In November 2008, as I noted last month, Mitt Romney condemned the Bush-Cheney administration’s plan for loans to General Motors and Chrysler. More recently he condemned how President Barack Obama’s administration managed those companies’ bankruptcy, even though (a) it produced a healthier industry, and (b) he had actually called for a “managed bankruptcy.”

In the three weeks since my posting, Romney and his campaign have shifted to take credit for suggesting the action he’d just been condemning—without, of course, praising President Obama since that would alienate core supporters who exhibit OIP Derangement Syndrome.

“Even by Romney standards, this is ridiculous,” wrote Steve Benen on the Maddow Blog. Talking Points Memo noted the difficulties the new claim was causing for Romney’s Republican allies in Congress, who have attacked Obama for his success. But Romney’s inconsistency on this point simply reflects his overall inconsistency on how the US government should treat the car industry.

Back in 2007, Romney touted the value of more fuel-efficient cars this way:
I’m hopeful that with $3 gasoline being charged by [Venezuelan chief] Hugo Chavez and [Iranian President Mahmoud] Ahmadinejad and [Russian leader Vladimir] Putin and others, that you’re going to see Americans, slowly but surely, move to vehicles that are far more fuel efficient and you’ll see our manufacturers start competing on the basis of fuel efficiency.

I sure hope we’ll see more and more hybrids and much better fuel economy, but it’s a must. We have to make our automobiles far more fuel efficient. I’d like to see to us really get up to 50 miles per gallon. The time will come that people will look back and say, “you’re kidding me, cars only got 25 miles per gallon then, you’re kidding.”
But when the post-bankruptcy General Motors started selling its Chevrolet Volt, that hybrid car with better fuel economy became anathema to Republicans, as discussed here. To reflect his target voters Romney had to adopt the same attitude, as reported in December 2011:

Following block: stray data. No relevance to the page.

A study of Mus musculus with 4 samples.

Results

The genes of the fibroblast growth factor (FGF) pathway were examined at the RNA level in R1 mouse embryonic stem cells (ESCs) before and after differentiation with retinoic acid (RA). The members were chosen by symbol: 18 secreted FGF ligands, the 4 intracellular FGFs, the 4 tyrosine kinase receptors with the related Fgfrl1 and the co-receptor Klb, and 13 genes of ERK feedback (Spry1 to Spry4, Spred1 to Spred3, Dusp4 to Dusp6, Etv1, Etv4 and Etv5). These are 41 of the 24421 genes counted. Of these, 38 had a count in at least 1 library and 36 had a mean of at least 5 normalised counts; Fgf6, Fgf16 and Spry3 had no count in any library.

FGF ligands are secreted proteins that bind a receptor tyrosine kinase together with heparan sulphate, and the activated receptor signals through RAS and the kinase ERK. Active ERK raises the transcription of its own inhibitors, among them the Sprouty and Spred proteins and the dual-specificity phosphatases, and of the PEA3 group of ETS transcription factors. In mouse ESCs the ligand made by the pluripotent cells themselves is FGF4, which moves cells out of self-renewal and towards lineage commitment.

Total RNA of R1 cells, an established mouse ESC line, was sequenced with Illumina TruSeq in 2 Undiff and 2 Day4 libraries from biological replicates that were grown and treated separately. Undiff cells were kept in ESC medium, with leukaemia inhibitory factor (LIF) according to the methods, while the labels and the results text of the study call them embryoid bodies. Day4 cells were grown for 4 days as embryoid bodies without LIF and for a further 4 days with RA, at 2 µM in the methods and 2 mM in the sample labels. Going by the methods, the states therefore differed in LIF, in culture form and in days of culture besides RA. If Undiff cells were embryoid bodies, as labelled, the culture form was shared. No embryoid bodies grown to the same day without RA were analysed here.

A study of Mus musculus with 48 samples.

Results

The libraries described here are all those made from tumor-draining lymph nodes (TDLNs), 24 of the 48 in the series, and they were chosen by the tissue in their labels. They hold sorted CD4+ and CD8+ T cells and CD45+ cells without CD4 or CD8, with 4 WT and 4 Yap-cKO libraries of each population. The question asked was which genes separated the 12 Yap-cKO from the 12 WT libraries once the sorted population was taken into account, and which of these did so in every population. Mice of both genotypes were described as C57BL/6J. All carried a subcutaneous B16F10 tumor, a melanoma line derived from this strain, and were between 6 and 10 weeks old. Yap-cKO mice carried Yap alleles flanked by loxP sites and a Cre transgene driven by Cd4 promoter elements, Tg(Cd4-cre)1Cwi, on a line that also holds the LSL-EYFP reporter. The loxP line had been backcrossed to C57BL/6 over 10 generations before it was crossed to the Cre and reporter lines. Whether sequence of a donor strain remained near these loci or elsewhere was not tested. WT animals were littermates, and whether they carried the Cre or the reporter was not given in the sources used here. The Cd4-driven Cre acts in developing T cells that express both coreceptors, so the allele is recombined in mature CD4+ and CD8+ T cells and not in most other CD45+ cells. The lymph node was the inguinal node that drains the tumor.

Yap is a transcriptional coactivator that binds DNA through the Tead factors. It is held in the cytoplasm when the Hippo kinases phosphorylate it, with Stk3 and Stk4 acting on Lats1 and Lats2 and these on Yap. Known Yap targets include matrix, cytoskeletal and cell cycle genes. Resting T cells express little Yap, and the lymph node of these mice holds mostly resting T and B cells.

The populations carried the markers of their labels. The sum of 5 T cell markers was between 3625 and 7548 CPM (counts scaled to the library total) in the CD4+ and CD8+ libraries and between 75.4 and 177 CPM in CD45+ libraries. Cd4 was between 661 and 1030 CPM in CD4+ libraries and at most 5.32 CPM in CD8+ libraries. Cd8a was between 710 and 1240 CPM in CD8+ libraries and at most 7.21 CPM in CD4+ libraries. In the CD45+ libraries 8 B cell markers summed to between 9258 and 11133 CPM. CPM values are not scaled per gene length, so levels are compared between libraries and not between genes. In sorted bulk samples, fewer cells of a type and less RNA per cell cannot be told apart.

If you want to know exactly what Republican presidential hopeful Mitt Romney thinks about the Chevrolet Volt, listen to his laugh before he answers a question about the car posed to him during a radio interview on WRKO in Boston recently. Romney was asked what he thought about the car, and he responded with a dismissive-sounding laugh by labeling the plug-in hybrid an ”idea whose time has not come.”
So in 2007 Romney said he was “hopeful” that $3/gallon gas would make hybrids popular, which was “a must”—but in 2011 he chuckled about how, even though gas was near $4/gallon, the Chevy hybrid’s “time has not come.”

We can search charitably for consistency in Romney’s statements. For example, he might be speaking from a free-market stance, arguing that the government shouldn’t aid the industry in any way—no financial support, even tax rebates for hybrid cars.

Yet back in November 2008 Romney also wrote that the US government should increase spending to benefit carmakers:
I believe the federal government should invest substantially more in basic research—on new energy sources, fuel-economy technology, materials science and the like—that will ultimately benefit the automotive industry, along with many others. I believe Washington should raise energy research spending to $20 billion a year, from the $4 billion that is spent today. The research could be done at universities, at research labs and even through public-private collaboration.
Since then, the Obama administration has pushed for more spending on new-energy research. Yet Romney broadly condemns the administration’s policy, especially on “new energy sources.”

Romney was thus for a “managed bankruptcy” of General Motors and Chrysler—except when Obama was in charge. He saw more efficient, hybrid autos as “a must”—except when Obama was in charge. He advocated much more federal spending on energy research—except when Obama is in charge. So the consistency is Romney’s opposition to President Obama being in charge.